PUBLISHED: 08:39 12 November 2001 | UPDATED: 10:49 03 March 2010

SENIOR politicians have paid tributes to former Sudbury and Woodbridge MP Keith Stainton, who has died at the age of 79.

Mr Stainton, of Martlesham Road, Little Bealings, had served as an MP for almost 20 years, first representing the constituency as a Conservative in 1963.

SENIOR politicians have paid tributes to former Sudbury and Woodbridge MP Keith Stainton, who has died at the age of 79.

Mr Stainton, of Martlesham Road, Little Bealings, had served as an MP for almost 20 years, first representing the constituency as a Conservative in 1963.

However, in 1983 he was beaten for the chance to represent Suffolk Coastal, a new seat formed during a boundaries shake-up, by John Gummer, who was Eye MP at the time.

The Suffolk Coastal MP described Mr Stainton as an "assiduous" and well-liked MP whose company he enjoyed.

"I was very sorry to hear of his death. Keith Stainton had a very fine war record and made a unique contribution to Britain's victory," he said.

South Suffolk MP Tim Yeo joined Mr Gummer by also paying tribute to Mr Stainton's career and the dedication he showed to his constituency.

After losing out to Mr Gummer at the age of 61, Mr Stainton decided to try to win the Tory nomination for another new Suffolk seat, Suffolk South, to ensure he could stay at Westminster.

Two-thirds of the new seat consisted of the western half of Mr Stainton's Sudbury and Woodbridge constituency. However, Tory delegates decided upon an outsider – Londoner Tim Yeo – then a 37-year-old director of the Spastics Society.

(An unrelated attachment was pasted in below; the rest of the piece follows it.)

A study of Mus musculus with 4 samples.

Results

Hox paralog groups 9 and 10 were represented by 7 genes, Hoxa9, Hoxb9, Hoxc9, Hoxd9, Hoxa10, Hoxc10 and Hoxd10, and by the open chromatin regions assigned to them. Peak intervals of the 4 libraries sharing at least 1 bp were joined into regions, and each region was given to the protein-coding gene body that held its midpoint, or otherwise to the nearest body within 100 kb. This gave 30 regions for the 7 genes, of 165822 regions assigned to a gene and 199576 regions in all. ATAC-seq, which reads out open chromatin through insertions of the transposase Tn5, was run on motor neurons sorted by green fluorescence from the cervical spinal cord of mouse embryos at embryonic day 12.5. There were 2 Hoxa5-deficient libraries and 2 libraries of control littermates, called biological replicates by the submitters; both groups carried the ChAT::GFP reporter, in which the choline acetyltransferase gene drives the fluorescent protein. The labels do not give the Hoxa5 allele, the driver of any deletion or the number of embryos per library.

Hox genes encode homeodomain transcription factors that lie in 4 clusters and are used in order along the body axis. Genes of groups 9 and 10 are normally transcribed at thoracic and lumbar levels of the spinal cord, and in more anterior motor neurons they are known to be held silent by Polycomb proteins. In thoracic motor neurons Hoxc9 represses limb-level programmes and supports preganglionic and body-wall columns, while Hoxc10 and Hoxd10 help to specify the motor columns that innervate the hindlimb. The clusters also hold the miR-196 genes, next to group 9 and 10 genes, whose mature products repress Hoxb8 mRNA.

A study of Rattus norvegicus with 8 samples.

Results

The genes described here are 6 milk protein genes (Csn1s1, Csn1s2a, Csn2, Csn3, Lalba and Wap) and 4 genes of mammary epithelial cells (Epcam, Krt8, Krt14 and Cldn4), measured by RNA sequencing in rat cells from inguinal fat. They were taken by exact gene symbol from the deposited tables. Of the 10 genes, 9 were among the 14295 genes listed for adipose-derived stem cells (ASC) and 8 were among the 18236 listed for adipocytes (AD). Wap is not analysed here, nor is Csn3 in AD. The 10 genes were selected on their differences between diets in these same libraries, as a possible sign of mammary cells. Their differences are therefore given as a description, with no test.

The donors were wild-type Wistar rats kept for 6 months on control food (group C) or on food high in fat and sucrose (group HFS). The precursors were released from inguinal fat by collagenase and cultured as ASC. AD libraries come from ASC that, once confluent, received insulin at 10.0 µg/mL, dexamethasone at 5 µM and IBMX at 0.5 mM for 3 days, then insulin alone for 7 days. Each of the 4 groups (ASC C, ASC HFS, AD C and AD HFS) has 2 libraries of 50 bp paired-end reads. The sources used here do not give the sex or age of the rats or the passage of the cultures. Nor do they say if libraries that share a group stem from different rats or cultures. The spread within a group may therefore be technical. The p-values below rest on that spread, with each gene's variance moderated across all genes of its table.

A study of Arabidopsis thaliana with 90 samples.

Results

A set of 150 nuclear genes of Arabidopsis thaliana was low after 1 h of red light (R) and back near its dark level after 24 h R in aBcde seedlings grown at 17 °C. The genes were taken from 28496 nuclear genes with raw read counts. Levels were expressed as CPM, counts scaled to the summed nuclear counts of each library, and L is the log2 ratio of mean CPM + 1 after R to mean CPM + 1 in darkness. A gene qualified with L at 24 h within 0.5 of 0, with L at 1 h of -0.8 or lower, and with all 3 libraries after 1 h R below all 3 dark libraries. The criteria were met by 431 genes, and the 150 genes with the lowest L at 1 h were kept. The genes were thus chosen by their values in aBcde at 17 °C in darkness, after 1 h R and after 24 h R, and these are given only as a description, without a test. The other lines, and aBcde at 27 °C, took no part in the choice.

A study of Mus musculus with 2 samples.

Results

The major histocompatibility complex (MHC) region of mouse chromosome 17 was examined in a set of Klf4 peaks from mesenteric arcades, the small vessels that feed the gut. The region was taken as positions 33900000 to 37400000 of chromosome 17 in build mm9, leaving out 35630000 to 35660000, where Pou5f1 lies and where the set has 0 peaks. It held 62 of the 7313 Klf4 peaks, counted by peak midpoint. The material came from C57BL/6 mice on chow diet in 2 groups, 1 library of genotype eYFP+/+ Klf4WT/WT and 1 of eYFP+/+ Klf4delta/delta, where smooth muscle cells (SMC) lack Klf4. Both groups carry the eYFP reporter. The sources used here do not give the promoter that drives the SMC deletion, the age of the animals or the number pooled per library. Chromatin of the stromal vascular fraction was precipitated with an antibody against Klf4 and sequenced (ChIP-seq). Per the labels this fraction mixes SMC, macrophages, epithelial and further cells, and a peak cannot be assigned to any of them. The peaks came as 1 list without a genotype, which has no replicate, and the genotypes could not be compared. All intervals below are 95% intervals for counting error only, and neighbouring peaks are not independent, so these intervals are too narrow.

Last night Mr Yeo said: "He (Mr Stainton) was a recognised Member of Parliament for almost 20 years and very well respected throughout his constituency. I know from many people the tremendous amount of trouble he took with individual case work on behalf of families."

Mr Stainton was the son of a Westmorland crofter. He gained a BA at Manchester University and during the war received medals for torpedo actions in the Mediterranean and work with the French resistance.

After three years as a leader writer for the Financial Times, he went into industrial consultancy until 1956 when he began a 15-year spell with Burton Son and Sanders, of Ipswich.

Mr Stainton was married to Ann and they had six children.